As I See It
Doggedness has created brewing billionaires
After an awards ceremony at the Dorchester in London some ten years ago I was introduced to a pony-tailed young man in the hotel reception who told me had some exciting plans in the Aberdeenshire area.
He sat alone, looking a little lost among the black tie guests pouring from the ballroom. He said he and his friend wanted to build a brewery. Not just any brewery, but the biggest in Scotland.
I admit that I thought the young man, Martin Dickie, and his friend James Watt were deluding themselves by thinking they could achieve such heights. “What? Bigger than Tennent’s? ” I said, disbelievingly. I recall my reaction being met with a stony look of conviction.
At the time, Tennent’s and Scottish & Newcastle ruled the brewing roost in Scotland. But the brewing industry was about to undergo further upheaval. Less than a year later S&N was broken up by Carlsberg and Heineken and the following year Tennent’s was acquired from its US owner by Dublin-based cider company C&C. The craft beer phenomenon had yet to take off and when it did, Ellon-based BrewDog was barking loudest.
Dickie and Watt have gone a long way towards fulfilling a dream in a relatively short period of time. The UK spread of BrewDog bars was quickly emulated overseas. A brewery has just opened in Ohio, and as Daily Business reported on Saturday, the co-founders have just raised £100 million, giving BrewDog a £1 billion valuation.
It’s a remarkable achievement, built on a blend of self-belief, dogged (pardon the pun) determination and, at times, sheer-bloodymindedness.
Until now, money for the venture has been raised mainly through that other phenomenon that has grown up alongside them: crowdfunding.
The pair have also created an aura around them that has drawn admiration and gasps of disapproval in equal measure.
They certainly did not set out to do things the conventional way, nor did they achieve their phenomenal growth by currying favour with those upon whom start-ups are supposed to rely – banks, council officials, regulators…
They got themselves noticed by maverick displays of behaviour and even launched their crowdfunding campaigns with a strong lack of deference for institutional funds who might have been prepared to back them.
They showed no interest in conforming to corporate rules. When potential suitors were said to be circling the company just over a year ago, Watt tweeted: “Go away silly big companies. BrewDog is not for sale, especially not to you.”
Yet, the aggressive and, it has to be said, sometimes offensive stunts, seem to have been toned down as they have sought some serious money to support their next phase of growth.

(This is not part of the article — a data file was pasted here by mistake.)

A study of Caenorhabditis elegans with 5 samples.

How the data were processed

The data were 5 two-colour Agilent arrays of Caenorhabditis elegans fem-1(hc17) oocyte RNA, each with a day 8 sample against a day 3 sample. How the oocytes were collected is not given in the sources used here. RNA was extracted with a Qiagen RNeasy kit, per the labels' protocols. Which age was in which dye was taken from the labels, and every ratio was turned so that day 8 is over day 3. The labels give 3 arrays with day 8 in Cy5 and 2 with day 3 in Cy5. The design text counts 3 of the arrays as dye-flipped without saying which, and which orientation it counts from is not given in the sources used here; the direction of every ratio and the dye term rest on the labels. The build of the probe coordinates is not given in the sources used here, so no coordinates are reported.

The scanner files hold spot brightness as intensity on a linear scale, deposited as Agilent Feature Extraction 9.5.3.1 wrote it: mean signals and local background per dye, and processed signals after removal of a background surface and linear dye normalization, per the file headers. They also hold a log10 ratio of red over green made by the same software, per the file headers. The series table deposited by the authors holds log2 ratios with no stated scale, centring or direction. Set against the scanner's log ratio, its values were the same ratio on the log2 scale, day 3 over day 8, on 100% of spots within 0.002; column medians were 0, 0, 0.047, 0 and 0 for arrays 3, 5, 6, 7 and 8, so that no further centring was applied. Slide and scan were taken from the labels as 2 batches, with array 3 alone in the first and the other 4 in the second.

After running hugely successful fund-raising campaigns through their army of “punk investors” they now appear to have gone straight and found new friends among the established private equity community.
They have even drawn criticism from erstwhile supporters over their battles over naming rights with a Midlands pub owner and an attempt to claim the rights over the word “punk”.
Some of those who welcomed BrewDog as a breath of fresh air in an industry dominated for decades by brewers producing lousy products, began to lose faith with the craft beer messiahs. There were accusations of bullying tactics and behaving like a “multinational machine”.
However, just as Dickie and Watt show signs of joining the establishment, so their supporters need to wise up to the realities of running a big business.
BrewDog – already being nicknamed the ‘Brewnicorn’ after joining the billionaire club – is an astonishing success story.
Dickie and Watt may have faced a few wagging fingers and raised eyebrows at their antics. Yet it has worked and it has given Scotland another reason to celebrate.
A decade of BrewDog stunts:
- They caused a storm after creating an ale served through the bodies of dead animals.
- They spoofed Guinness’s iconic ‘Surfer’ advert by wearing a horse suit and frolicking in the Aberdeenshire sea and a local swimming pool.
- To celebrate a crowdfunding record, they chartered a helicopter to fly across London and drop stuffed “fat cats” over the City.
- After a replica bar was discovered in China, Watt wrote to the owner thanking him for him copying the “motherf*****g cathedrals of craft beer”, but suggesting he didn’t do it again.
- When Russia banned homosexual propaganda at the Winter Olympics, Brewdog launched a beer called ‘Hello My Name is Vladimir’.